CCR and Muslim Advocates File FOIA on Opaque Muslim Ban Waiver Process
January 23, 2018, New York, NY – Today, the Center for Constitutional Rights (CCR) and Muslim Advocates (MA) filed a Freedom of Information Act (FOIA) request demanding documents from federal agencies related to visa denials to dozens of Yemeni families seeking entry to the U.S., stemming from President Trump’s Muslim Ban. The FOIA request seeks information on the process by which the federal government has purportedly agreed to grant case-by-case waivers from the Muslim Ban to certain individuals from countries whose citizens are otherwise denied entry to the United States. Despite the administration’s claim that the waiver process would be “robust,” the organizations have received reports of en masse denials to people who should, according to the administration’s guidelines, be eligible for a waiver, casting doubt on whether a meaningful process exists at all. The request is directed at the U.S. Department of Homeland Security (DHS), the Department of State, Customs and Border Protection, and the U.S. Citizenship and Immigration Services (USCIS).
“This supposed waiver process has been mired with lack of transparency and confusion, leaving scores of families of United States citizens stranded abroad, many of whom are fleeing war and seek to join their loved ones in the United States,” said CCR Staff Attorney Diala Shamas. “Despite making much ado about the availability of a waiver as a defense to the legality of the Muslim Ban, the administration has provided no clarity on how to secure one – or if they are really even available – which is what we are urgently seeking with this request.”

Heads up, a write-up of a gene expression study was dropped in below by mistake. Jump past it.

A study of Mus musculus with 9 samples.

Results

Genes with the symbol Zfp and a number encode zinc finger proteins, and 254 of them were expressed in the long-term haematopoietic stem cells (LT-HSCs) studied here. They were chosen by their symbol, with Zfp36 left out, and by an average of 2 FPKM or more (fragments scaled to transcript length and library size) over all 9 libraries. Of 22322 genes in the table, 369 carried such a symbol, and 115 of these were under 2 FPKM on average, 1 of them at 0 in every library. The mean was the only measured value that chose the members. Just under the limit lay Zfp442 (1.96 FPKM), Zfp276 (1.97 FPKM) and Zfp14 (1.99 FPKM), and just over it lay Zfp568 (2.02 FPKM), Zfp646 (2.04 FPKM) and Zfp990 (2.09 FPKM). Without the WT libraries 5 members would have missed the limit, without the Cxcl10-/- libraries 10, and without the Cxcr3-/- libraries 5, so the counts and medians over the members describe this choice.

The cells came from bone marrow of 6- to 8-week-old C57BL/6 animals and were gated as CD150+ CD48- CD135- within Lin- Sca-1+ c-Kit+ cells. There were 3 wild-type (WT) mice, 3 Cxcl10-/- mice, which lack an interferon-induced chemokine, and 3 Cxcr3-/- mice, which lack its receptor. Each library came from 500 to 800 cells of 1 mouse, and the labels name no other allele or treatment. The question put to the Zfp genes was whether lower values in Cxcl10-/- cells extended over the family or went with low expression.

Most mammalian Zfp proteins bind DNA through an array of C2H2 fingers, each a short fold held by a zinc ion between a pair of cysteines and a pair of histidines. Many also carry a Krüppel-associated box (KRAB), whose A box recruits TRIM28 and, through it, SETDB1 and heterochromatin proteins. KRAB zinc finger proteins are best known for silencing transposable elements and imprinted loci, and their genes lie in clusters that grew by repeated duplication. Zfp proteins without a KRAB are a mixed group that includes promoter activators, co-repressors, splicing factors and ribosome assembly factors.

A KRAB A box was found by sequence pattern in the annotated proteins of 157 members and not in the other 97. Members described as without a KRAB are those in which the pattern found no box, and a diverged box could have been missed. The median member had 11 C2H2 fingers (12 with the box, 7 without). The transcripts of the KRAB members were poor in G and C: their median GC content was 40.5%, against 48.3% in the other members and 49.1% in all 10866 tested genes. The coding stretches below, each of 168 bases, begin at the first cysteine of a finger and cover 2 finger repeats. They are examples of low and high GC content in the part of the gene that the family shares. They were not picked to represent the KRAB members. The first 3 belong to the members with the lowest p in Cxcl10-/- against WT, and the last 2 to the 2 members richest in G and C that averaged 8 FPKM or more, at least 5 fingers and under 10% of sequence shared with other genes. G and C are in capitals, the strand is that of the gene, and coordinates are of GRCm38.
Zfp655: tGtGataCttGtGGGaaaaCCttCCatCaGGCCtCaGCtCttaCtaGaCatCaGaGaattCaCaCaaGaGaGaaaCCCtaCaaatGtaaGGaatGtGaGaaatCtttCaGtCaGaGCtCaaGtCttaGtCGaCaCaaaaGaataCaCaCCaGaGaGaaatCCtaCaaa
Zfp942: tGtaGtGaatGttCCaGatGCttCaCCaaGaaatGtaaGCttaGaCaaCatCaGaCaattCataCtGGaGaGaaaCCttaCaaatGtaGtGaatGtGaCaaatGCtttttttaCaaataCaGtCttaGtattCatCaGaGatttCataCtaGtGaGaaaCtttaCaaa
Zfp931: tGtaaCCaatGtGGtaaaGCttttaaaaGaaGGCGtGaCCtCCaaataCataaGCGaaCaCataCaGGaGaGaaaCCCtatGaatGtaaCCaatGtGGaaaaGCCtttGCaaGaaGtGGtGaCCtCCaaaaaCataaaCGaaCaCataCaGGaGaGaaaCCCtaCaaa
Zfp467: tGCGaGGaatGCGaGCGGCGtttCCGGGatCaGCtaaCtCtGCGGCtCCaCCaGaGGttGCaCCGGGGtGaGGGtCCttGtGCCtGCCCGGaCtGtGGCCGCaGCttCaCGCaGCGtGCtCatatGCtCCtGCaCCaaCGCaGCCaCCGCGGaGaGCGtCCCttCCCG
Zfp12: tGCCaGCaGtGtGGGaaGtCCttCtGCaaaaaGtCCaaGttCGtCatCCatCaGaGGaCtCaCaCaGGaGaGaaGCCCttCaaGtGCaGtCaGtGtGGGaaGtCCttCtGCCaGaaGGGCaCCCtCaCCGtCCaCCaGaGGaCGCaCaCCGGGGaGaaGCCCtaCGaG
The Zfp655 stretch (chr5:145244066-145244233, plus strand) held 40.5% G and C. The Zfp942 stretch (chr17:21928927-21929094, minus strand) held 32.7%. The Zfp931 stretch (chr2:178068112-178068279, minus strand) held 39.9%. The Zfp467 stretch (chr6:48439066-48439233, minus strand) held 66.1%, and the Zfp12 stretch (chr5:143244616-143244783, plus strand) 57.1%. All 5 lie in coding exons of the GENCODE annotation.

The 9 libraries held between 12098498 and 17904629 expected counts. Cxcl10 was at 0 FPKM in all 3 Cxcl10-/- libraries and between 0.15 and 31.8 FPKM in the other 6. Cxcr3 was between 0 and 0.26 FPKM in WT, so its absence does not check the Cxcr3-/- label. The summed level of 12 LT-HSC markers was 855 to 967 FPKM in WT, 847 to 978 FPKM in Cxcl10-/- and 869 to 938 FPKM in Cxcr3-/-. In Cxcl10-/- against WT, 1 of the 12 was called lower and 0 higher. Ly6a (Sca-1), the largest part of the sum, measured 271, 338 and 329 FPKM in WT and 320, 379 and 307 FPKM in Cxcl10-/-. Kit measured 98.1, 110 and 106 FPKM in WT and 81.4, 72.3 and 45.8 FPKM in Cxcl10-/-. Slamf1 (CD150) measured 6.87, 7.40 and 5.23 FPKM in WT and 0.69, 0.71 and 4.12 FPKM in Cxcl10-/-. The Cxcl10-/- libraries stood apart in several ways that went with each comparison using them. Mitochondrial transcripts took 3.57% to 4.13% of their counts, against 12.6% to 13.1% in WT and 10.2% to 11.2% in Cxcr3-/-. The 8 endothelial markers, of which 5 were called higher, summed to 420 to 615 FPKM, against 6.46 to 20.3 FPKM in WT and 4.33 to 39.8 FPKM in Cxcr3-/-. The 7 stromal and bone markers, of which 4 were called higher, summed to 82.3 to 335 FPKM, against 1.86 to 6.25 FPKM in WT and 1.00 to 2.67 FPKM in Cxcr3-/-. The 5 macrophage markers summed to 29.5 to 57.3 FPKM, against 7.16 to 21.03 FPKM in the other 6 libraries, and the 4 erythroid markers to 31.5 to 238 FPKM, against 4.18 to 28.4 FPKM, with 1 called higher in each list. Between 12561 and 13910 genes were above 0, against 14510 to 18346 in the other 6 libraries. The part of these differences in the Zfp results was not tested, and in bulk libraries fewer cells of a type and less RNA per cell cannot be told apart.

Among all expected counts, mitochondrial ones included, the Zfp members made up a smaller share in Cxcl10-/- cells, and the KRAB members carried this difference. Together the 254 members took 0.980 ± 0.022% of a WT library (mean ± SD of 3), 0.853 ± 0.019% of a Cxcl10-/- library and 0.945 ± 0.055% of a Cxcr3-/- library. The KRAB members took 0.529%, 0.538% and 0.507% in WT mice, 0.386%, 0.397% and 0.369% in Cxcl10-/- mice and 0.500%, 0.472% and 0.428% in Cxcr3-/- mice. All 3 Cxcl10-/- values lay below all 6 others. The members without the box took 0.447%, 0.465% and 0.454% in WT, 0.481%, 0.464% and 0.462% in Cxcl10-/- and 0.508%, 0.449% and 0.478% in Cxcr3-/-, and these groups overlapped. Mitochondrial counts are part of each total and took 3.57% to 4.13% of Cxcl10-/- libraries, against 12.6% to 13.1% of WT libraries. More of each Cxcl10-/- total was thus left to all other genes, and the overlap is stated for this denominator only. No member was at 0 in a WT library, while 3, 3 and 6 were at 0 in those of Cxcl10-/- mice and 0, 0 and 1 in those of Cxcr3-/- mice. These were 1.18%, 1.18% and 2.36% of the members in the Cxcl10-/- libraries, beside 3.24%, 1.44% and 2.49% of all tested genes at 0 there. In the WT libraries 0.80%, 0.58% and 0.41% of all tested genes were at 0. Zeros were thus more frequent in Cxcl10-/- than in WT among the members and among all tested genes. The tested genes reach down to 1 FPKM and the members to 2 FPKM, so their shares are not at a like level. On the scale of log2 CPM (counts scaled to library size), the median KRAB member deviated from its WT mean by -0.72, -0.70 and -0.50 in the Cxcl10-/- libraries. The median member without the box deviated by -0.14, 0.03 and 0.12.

The request comes on the heels of the organizations receiving reports of unprecedented numbers of people being denied visas and waivers, particularly Yemenis stranded in Djibouti in the wake of the war in Yemen who are awaiting reunification with family members in the United States. Beginning on December 17, 2017, the Center for Constitutional Rights and Muslim Advocates began hearing that the U.S. Consulate in Djibouti had issued a significant but unknown number of form letters denying both visas and waivers to Yemenis with family members in the United States awaiting the processing of their applications. The organizations received reports of other U.S. consulates issuing similar denial letters during the same week—including in Armenia, Dubai, Abu Dhabi, and Jordan.
“The government has repeatedly held out the waiver process as a meaningful route through which individuals can come to the United States, but functionally appears to be denying waivers en masse to many people in dire circumstances, including children,” said Sirine Shebaya, Senior Staff Attorney with Muslim Advocates. “Individual applicants are not getting an opportunity to apply or make a case for why they should qualify for a waiver, and, thus far, the ban’s implementation suggests that the administration never intended to seriously consider individuals for waivers.”
Among those denied waivers were the children of Mr. Rami Almansoob, a U.S. citizen living in the United States. His daughters, ages, 12, 9, and 5, left their home in Sanaa’, Yemen, with their mother and grandmother fleeing the war, for Djibouti, where they awaited the processing of their visa to join their father in the United States. He has reached out to legal organizations seeking answers. “I asked the Department of State to give me the basis for which my daughters were not considered for a waiver, but they never responded,” said Mr. Almansoob. “It is dangerous for them to go back to Yemen, and we cannot afford to keep them in Djibouti.”